Norbert Wiener

26 Nov 1894
18 Mar 1964

A famous child prodigy, Wiener later became an early researcher in stochastic and noise processes, contributing work relevant to electronic engineering, electronic communication, and control systems.

Wiener is considered the originator of cybernetics, a formalization of the notion of feedback, with implications for engineering, systems control, computer science, biology, neuroscience, philosophy, and the organization of society.

Wiener was born in Columbia, Missouri, the first child of Leo Wiener and Bertha Kahn, Jews of Polish and German origin, respectively. Leo had educated Norbert at home until 1903, employing teaching methods of his own invention, except for a brief interlude when Norbert was 7 years of age.

Earning his living teaching German and Slavic languages, Leo read widely and accumulated a personal library from which the young Norbert benefited greatly.

Leo also had ample ability in mathematics and tutored his son in the subject until he left home. In his autobiography, Norbert described his father as calm and patient, unless he (Norbert) failed to give a correct answer, at which his father would lose his temper.

He became an agnostic. After graduating from Ayer High School in 1906 at 11 years of age, Wiener entered Tufts College. He was awarded a BA in mathematics in 1909 at the age of 14, whereupon he began graduate studies of zoology at Harvard. In 1910 he transferred to Cornell to study philosophy.

Wiener took a great interest in the mathematical theory of Brownian motion (named after Robert Brown) proving many results now widely known such as the non-differentiability of the paths. Consequently, the one-dimensional version of Brownian motion was named the Wiener process.

It is the best known of the Lévy processes, càdlàg stochastic processes with stationary statistically independent increments, and occurs frequently in pure and applied mathematics, physics and economics (e.g. on the stock-market).

Wiener’s Tauberian theorem, a 1932 result of Wiener, developed Tauberian theorems in summability theory, on the face of it a chapter of real analysis, by showing that most of the known results could be encapsulated in a principle taken from harmonic analysis.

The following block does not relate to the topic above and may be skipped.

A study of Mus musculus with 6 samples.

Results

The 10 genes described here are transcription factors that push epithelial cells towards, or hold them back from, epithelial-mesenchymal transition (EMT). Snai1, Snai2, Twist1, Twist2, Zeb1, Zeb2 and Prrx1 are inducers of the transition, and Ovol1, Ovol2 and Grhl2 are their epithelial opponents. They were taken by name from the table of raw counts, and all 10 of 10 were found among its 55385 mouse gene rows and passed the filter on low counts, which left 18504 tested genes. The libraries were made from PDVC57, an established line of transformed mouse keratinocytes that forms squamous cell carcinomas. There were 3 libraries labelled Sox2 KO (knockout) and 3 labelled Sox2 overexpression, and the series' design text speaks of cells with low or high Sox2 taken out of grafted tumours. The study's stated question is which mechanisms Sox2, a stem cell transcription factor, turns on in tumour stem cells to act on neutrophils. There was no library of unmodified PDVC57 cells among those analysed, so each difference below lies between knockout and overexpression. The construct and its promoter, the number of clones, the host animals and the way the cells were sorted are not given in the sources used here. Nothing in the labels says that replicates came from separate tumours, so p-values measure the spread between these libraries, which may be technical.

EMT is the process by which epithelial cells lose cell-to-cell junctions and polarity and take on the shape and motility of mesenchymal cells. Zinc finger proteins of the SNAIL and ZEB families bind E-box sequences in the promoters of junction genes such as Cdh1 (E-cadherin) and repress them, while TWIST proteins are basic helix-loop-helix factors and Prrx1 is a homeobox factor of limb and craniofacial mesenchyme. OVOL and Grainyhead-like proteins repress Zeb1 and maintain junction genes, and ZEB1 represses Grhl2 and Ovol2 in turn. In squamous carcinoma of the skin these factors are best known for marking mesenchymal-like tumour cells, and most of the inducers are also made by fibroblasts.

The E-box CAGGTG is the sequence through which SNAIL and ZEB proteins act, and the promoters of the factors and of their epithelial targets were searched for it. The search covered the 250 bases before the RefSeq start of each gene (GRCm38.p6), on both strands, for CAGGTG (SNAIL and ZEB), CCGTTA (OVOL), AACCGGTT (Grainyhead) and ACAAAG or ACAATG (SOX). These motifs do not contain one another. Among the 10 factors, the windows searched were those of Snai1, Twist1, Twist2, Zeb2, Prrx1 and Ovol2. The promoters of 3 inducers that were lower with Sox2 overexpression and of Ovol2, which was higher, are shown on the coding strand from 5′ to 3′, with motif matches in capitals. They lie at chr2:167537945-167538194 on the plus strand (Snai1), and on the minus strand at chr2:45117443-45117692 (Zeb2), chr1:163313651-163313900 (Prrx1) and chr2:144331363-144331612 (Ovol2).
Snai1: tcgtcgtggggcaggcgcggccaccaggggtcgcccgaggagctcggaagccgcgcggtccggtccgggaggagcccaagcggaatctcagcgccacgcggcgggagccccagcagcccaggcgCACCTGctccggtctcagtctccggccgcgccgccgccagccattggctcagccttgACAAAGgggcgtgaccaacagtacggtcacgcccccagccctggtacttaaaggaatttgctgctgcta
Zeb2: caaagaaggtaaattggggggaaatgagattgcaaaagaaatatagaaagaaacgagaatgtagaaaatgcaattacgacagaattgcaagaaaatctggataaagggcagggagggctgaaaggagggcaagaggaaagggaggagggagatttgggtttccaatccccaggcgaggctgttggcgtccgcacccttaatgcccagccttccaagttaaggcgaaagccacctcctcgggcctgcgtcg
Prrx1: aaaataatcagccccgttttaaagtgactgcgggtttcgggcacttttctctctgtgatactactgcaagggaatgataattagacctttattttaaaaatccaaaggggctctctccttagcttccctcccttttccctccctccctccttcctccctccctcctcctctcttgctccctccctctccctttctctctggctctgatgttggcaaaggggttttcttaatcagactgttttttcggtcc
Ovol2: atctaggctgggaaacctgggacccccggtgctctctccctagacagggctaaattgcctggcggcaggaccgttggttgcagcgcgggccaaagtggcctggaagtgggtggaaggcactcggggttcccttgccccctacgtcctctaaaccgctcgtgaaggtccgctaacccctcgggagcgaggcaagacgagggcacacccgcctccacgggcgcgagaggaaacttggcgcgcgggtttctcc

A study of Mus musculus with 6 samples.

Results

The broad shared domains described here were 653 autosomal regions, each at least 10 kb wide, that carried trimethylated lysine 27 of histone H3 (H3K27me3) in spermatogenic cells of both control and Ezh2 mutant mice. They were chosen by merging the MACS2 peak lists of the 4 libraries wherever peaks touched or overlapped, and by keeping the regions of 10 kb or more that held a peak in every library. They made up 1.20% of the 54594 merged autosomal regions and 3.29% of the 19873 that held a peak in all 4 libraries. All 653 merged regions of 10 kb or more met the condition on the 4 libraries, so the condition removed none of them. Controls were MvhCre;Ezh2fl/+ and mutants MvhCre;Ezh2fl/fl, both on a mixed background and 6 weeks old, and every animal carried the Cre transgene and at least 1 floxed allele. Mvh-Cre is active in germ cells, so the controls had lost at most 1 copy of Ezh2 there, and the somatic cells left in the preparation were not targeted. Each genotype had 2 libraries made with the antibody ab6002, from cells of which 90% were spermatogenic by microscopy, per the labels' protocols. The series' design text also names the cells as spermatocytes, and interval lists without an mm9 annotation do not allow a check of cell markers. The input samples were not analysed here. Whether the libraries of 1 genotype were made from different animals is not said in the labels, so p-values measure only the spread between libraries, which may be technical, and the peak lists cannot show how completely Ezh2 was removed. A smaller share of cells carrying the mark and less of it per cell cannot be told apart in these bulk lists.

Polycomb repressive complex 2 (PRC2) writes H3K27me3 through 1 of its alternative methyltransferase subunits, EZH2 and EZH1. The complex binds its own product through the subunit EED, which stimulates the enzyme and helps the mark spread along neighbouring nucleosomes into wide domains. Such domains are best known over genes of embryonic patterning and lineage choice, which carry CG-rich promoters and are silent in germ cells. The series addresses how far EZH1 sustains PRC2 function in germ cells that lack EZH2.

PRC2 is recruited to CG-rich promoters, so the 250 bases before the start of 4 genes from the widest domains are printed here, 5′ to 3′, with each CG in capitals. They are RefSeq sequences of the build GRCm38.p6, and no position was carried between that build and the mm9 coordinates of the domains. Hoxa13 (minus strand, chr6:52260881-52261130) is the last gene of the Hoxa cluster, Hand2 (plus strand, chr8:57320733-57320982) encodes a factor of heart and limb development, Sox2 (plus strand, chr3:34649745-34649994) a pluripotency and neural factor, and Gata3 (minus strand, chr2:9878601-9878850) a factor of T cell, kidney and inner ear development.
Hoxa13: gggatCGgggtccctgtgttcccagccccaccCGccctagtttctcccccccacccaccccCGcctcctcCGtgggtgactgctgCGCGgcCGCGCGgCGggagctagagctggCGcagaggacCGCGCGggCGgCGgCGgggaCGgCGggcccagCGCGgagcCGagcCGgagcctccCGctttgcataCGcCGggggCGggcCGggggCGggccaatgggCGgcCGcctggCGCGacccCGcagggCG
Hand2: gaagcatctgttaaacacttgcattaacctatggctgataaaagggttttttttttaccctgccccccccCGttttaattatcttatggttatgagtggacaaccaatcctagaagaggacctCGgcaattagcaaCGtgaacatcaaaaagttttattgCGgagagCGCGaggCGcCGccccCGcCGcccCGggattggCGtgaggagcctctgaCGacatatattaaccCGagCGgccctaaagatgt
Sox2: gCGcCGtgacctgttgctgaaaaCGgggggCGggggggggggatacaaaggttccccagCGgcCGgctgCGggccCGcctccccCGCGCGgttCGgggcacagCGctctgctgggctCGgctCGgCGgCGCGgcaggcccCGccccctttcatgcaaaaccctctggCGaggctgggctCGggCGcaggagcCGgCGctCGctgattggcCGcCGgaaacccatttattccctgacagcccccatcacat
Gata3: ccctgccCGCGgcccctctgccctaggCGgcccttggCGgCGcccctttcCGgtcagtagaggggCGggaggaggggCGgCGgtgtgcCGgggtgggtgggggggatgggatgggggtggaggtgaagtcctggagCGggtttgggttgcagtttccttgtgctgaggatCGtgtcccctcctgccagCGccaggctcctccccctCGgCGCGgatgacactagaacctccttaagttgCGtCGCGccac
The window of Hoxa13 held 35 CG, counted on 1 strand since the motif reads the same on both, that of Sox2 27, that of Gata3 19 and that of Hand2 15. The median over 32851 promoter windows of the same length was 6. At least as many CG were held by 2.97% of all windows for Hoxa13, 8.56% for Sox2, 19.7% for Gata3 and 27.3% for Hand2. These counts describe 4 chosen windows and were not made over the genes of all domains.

In its present formulation, the theorem of Wiener does not have any obvious association with Tauberian theorems, which deal with infinite series; the translation from results formulated for integrals, or using the language of functional analysis and Banach algebras, is however a relatively routine process.

The Paley–Wiener theorem relates growth properties of entire functions on Cn and Fourier transformation of Schwartz distributions of compact support.

The Wiener–Khinchin theorem, (or Wiener – Khintchine theorem or Khinchin – Kolmogorov theorem), states that the power spectral density of a wide-sense-stationary random process is the Fourier transform of the corresponding autocorrelation function.

An abstract Wiener space is a mathematical object in measure theory, used to construct a “decent”, strictly positive and locally finite measure on an infinite-dimensional vector space.

Wiener’s original construction only applied to the space of real-valued continuous paths on the unit interval, known as classical Wiener space.

Leonard Gross provided the generalization to the case of a general separable Banach space.

The notion of a Banach space itself was discovered independently by both Wiener and Stefan Banach at around the same time.

The Norbert Wiener Center for Harmonic Analysis and Applications (NWC) in the Department of Mathematics at the University of Maryland, College Park is devoted to the scientific and mathematical legacy of Norbert Wiener. The NWC website highlights the research activities of the Center.

Further, each year the Norbert Wiener Center hosts the February Fourier Talks, a two-day national conference displaying advances in pure and applied harmonic analysis in industry, government, and academia.